EGU21-3530
https://doi.org/10.5194/egusphere-egu21-3530
EGU General Assembly 2021
© Author(s) 2021. This work is distributed under
the Creative Commons Attribution 4.0 License.

Impact of different sub-tropical trees on outdoor thermal comfort in an Indian city – A microclimatic modelling approach

Sana Javaid1, Kameswara Yashaswini Sista2, and Stephan Pauleit1
Sana Javaid et al.
  • 1Chair for Strategic Landscape Planning and Management, Technical University of Munich, Freising, Germany (pauleit@tum.de)
  • 2School of Forest Science and Resource Management, Technical University of Munich, Freising, Germany (yashaswini.sista@tum.de )

Indians cities are facing incessant urbanization with lack of adequate green spaces exposing inhabitants to heat stress and increased mortality. Reduction of heat stress or optimization of outdoor thermal comfort (OTC) has been recognized as one of the multiple benefits of urban green infrastructure across different climatic zones. However, there is dearth of such studies in humid-subtropical (Cwa) context, especially India. ‘Urban trees’ are most preferred vegetation type concerning OTC, whereas, ‘parks, streets and gardens’ are most preferred urban green settings in a residential neighbourhood, as indicated by social survey results of another part of this study. But role of urban trees in enhancing OTC in different urban settings remains underexplored. In particular, it needs to be better understood how different morphological characteristics of trees influence their thermal benefits. Hence, we investigated nine sub-tropical tree species in these urban settings of a typical residential neighbourhood in the mid-sized, humid-subtropical city of Dehradun in north India. A sizeable world population inhabits humid-subtropical climates and almost 1/3rd of Indians reside in mid-size cities, making this study widely relevant.

We used a modelling approach enabling comparison of different trees in similar urban settings which is not possible through on-ground studies. 70 tree species were identified through field surveys and further filtered based on frequency, canopy density, morphology and growth habit. Finally, nine species were selected, three for each urban setting and modelled using Albero, a plugin of the 3D microclimatic simulation software, ENVI-met. Parameters such as tree height, trunk height, canopy shape and density, leaf area density, root spread and diameter etc. were considered for tree modelling. Modelling was validated using the field measurements and indicated a high correlation of 90%. Total nine scenarios were created using ENVI-met for each tree species in the respective urban setting maintaining canopy cover area. Their performance was evaluated by air temperature, relative humidity and mean radiant temperature at 15:00 and 19:00 hours of a peak summer day (2nd July 2019). Thermal comfort was also evaluated using PET (Physiologically Equivalent Temperature) between 9:00-20:00 hours.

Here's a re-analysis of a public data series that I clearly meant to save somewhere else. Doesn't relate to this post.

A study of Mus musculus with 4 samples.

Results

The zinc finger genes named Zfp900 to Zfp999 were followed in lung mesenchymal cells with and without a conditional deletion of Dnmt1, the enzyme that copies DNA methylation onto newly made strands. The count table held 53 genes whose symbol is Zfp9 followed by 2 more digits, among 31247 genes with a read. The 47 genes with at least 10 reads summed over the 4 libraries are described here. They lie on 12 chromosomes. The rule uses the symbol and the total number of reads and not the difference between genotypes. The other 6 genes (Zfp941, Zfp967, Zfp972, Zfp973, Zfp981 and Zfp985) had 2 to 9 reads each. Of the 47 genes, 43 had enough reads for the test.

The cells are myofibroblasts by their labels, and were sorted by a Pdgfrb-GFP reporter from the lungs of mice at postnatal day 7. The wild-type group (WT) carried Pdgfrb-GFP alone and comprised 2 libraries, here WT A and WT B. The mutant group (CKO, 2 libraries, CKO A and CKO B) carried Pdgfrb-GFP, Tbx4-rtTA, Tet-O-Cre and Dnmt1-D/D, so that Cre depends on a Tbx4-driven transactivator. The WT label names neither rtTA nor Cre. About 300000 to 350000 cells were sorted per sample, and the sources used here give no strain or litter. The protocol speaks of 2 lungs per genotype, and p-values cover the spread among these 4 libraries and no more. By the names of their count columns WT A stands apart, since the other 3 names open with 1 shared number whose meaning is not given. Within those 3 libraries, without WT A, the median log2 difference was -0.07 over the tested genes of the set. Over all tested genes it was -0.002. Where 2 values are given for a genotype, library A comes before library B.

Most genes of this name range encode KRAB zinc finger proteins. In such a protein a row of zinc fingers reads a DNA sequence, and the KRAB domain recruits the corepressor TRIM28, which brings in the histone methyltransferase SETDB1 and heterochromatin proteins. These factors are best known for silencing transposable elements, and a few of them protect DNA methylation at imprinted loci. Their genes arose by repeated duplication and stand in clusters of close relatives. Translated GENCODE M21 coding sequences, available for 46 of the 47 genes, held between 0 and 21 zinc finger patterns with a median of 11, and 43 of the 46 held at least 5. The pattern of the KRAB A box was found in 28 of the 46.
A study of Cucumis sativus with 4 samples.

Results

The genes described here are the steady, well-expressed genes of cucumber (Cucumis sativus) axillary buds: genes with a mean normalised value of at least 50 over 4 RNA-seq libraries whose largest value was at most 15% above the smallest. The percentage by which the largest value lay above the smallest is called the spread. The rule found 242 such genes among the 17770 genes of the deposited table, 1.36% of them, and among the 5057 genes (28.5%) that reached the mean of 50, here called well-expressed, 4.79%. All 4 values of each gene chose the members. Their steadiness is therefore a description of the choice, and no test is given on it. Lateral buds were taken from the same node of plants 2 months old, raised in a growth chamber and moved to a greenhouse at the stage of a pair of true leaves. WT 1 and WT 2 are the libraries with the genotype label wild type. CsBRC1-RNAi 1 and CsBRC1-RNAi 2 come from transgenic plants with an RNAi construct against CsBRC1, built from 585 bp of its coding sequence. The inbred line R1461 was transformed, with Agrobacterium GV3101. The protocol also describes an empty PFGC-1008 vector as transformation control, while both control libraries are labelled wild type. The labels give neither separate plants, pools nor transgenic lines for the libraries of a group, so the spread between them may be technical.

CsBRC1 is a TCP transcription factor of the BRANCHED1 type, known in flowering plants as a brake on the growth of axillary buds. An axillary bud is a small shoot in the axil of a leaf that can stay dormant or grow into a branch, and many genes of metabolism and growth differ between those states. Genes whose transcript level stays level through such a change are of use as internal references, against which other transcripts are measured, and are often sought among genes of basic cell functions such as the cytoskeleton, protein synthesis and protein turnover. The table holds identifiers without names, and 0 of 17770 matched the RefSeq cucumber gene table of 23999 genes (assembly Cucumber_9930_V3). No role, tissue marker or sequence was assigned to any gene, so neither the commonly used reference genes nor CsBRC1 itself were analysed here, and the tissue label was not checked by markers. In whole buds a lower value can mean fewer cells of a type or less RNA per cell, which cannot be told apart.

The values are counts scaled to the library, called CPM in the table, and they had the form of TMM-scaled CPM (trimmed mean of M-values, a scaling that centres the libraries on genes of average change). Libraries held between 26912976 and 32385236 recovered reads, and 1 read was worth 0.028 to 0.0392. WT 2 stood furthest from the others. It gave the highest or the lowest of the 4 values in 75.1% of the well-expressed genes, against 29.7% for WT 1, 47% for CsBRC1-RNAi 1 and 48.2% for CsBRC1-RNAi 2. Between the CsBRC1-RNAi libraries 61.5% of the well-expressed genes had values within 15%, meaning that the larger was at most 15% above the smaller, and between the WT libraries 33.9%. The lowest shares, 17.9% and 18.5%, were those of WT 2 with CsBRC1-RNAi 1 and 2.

Our results indicate that Mangifera Indica, Azadirachta Indica and Alstonia Scholaris perform best on an average for all parameters in gardens, park and streets respectively. These three trees had dense canopy i.e. high leaf area density (LAD) values and an average tree height between 11-15m. It should be noted that we did not have trees bigger than 15m on our site so results need to be further verified for taller trees. It can, however, be inferred that LAD value and tree height influenced cooling benefits more than trunk height or canopy shape in all urban settings. These results will be used to explore most suitable plantation arrangement in these urban settings. We acknowledge limitation of tree modelling using a software, however, forthcoming ENVI-Met 2021 release will enable detailed tree modelling and further improvise the study. Our results can be used in green space planning in humid subtropical climatic zones with similar urban settings or for further exploration of role of urban tree species. 

How to cite: Javaid, S., Sista, K. Y., and Pauleit, S.: Impact of different sub-tropical trees on outdoor thermal comfort in an Indian city – A microclimatic modelling approach, EGU General Assembly 2021, online, 19–30 Apr 2021, EGU21-3530, https://doi.org/10.5194/egusphere-egu21-3530, 2021.

Corresponding presentation materials formerly uploaded have been withdrawn.